Former Wells Fargo boss Stumpf blamed by board for sham account debacle
Executives at the community banking division “resisted and impeded outside scrutiny or oversight”, the board found, while former group chairman and chief executive John Stumpf “was too slow to investigate or critically challenge” sales practices.
The directors are taking an additional $28m in bonus awards away from Mr Stumpf and $47m from community banking head Carrie Tolstedt, on top of previously disclosed clawbacks.
The board on Monday morning released a 110-page report in the scandal following a probe by a four-director oversight committee, assisted by independent counsel Shearman & Sterling. Directors launched the inquiry after thousands of branch staff created fake bank accounts for customers in a race to meet aggressive sales targets.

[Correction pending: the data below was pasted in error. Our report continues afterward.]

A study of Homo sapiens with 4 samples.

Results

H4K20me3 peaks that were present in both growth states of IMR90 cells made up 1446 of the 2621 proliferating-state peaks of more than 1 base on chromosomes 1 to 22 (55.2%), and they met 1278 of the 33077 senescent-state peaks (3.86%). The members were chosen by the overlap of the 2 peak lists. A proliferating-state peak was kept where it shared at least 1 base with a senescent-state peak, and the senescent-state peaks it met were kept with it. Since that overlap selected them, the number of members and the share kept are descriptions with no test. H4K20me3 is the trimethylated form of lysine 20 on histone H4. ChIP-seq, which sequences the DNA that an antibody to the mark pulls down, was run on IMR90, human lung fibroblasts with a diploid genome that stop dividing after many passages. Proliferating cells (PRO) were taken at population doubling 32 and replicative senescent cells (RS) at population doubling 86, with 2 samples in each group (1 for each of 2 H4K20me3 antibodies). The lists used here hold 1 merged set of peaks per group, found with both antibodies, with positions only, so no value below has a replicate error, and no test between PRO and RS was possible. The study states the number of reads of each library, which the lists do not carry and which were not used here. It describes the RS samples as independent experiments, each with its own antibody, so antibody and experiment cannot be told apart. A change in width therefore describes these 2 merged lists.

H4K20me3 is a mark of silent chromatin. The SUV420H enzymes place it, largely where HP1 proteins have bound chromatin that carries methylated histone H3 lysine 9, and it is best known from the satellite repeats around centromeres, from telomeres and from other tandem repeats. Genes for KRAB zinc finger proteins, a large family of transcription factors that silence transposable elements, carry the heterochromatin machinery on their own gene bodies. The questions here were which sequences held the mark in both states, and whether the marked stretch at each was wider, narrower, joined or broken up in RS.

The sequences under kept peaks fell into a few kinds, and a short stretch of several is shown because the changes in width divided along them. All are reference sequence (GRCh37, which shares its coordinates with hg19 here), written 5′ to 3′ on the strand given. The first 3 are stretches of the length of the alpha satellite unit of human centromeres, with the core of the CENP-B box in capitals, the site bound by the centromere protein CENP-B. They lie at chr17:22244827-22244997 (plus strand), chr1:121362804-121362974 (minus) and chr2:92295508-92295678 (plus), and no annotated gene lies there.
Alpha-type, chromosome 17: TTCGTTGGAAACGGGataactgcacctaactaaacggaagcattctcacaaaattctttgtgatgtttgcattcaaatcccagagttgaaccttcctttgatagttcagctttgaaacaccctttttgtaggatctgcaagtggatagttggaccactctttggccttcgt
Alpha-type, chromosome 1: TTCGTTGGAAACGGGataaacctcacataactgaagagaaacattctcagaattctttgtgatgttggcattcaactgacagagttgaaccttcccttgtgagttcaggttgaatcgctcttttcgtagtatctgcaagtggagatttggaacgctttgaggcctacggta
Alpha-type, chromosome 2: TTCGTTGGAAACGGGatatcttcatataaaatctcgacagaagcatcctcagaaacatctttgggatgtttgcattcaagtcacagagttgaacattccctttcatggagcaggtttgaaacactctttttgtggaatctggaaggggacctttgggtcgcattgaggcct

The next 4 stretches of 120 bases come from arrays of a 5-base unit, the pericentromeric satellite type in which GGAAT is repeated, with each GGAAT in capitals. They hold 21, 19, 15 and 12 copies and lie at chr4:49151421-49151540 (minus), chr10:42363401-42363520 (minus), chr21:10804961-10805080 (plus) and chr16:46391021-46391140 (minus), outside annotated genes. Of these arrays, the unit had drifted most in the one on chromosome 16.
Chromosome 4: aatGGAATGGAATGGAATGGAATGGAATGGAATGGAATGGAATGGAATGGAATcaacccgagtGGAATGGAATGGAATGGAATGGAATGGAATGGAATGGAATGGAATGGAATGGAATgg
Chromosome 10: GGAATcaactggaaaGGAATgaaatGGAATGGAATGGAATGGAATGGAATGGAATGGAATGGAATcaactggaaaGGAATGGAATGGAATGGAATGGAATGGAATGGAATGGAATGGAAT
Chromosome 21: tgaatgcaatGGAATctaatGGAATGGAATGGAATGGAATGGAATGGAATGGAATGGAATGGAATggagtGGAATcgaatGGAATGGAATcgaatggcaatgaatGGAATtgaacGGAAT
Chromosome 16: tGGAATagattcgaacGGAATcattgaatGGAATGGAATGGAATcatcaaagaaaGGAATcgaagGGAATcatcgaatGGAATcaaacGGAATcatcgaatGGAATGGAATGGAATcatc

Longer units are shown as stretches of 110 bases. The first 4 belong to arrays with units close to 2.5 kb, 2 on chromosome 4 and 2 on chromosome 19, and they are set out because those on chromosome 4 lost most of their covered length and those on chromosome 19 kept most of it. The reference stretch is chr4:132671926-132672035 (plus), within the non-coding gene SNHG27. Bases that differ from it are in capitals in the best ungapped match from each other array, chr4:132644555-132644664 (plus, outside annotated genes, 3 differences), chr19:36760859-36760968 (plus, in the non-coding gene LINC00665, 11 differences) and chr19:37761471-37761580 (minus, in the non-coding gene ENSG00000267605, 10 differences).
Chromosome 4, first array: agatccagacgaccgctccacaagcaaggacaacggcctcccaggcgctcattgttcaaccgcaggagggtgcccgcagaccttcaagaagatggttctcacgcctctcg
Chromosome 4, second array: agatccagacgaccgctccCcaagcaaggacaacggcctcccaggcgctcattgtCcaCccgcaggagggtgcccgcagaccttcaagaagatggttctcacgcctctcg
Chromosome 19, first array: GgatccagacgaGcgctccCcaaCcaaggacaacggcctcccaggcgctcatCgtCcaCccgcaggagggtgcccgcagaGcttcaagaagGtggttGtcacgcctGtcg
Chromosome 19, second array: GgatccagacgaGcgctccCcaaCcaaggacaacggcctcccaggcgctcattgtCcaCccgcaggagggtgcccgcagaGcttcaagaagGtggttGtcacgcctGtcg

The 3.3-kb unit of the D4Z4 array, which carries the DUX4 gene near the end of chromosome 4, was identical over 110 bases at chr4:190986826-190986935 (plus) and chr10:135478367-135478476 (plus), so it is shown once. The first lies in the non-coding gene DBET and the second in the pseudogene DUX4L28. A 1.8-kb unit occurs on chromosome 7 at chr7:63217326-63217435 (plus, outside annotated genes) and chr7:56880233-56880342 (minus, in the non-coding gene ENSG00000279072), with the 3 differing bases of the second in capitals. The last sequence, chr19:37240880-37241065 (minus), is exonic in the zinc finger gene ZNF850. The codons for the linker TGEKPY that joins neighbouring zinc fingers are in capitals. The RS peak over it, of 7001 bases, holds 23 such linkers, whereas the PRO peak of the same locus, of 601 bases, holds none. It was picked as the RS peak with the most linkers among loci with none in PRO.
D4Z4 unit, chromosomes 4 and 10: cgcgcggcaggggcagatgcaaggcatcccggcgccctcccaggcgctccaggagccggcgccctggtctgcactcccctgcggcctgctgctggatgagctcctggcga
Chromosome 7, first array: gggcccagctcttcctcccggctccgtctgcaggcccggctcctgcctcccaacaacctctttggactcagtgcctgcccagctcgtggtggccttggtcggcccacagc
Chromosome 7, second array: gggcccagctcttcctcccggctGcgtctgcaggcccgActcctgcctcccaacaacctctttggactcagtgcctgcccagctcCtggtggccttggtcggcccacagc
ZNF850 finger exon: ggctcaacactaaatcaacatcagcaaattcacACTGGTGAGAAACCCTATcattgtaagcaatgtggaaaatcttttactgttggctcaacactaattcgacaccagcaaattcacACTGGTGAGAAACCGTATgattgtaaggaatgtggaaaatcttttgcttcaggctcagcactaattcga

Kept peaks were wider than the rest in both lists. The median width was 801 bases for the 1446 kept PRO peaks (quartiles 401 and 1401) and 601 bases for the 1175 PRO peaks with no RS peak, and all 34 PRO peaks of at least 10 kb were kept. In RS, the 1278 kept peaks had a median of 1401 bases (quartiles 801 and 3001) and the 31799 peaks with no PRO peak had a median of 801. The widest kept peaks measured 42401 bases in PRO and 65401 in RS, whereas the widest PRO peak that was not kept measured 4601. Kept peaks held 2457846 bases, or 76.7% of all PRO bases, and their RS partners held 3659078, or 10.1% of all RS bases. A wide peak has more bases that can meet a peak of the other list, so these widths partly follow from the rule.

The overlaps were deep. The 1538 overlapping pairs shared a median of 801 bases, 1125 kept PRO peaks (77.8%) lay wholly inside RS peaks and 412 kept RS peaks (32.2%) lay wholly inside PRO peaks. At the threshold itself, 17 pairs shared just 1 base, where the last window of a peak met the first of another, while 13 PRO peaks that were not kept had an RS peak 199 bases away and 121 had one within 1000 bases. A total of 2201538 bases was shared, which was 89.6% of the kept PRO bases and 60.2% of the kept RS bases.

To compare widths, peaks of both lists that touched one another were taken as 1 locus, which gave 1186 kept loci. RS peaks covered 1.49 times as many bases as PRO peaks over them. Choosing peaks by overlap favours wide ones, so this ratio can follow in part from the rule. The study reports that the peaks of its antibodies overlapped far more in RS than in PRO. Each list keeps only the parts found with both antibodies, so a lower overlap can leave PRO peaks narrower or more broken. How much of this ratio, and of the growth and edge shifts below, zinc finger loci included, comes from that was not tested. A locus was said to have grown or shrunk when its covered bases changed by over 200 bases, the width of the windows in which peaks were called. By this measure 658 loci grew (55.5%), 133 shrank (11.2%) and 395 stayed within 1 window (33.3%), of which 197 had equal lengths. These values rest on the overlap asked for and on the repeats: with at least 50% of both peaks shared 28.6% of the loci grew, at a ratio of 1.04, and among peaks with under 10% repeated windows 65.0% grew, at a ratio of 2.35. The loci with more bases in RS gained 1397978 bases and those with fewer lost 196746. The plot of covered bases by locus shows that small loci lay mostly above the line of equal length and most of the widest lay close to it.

The board itself has come under intense scrutiny in the wake of the scandal. The influential advisory group ISS has recommended shareholders should vote to oust almost the entire board of directors, including the chairman Stephen Sanger.
“The Board was regularly engaged on the issue; however, management reports did not accurately convey the scope of the problem,” the board’s report said.
“The root cause of sales practice failures was the distortion of the Community Bank’s sales culture and performance management system, which, when combined with aggressive sales management, created pressure on employees to sell unwanted or unneeded products to customers and, in some cases, to open unauthorised accounts.”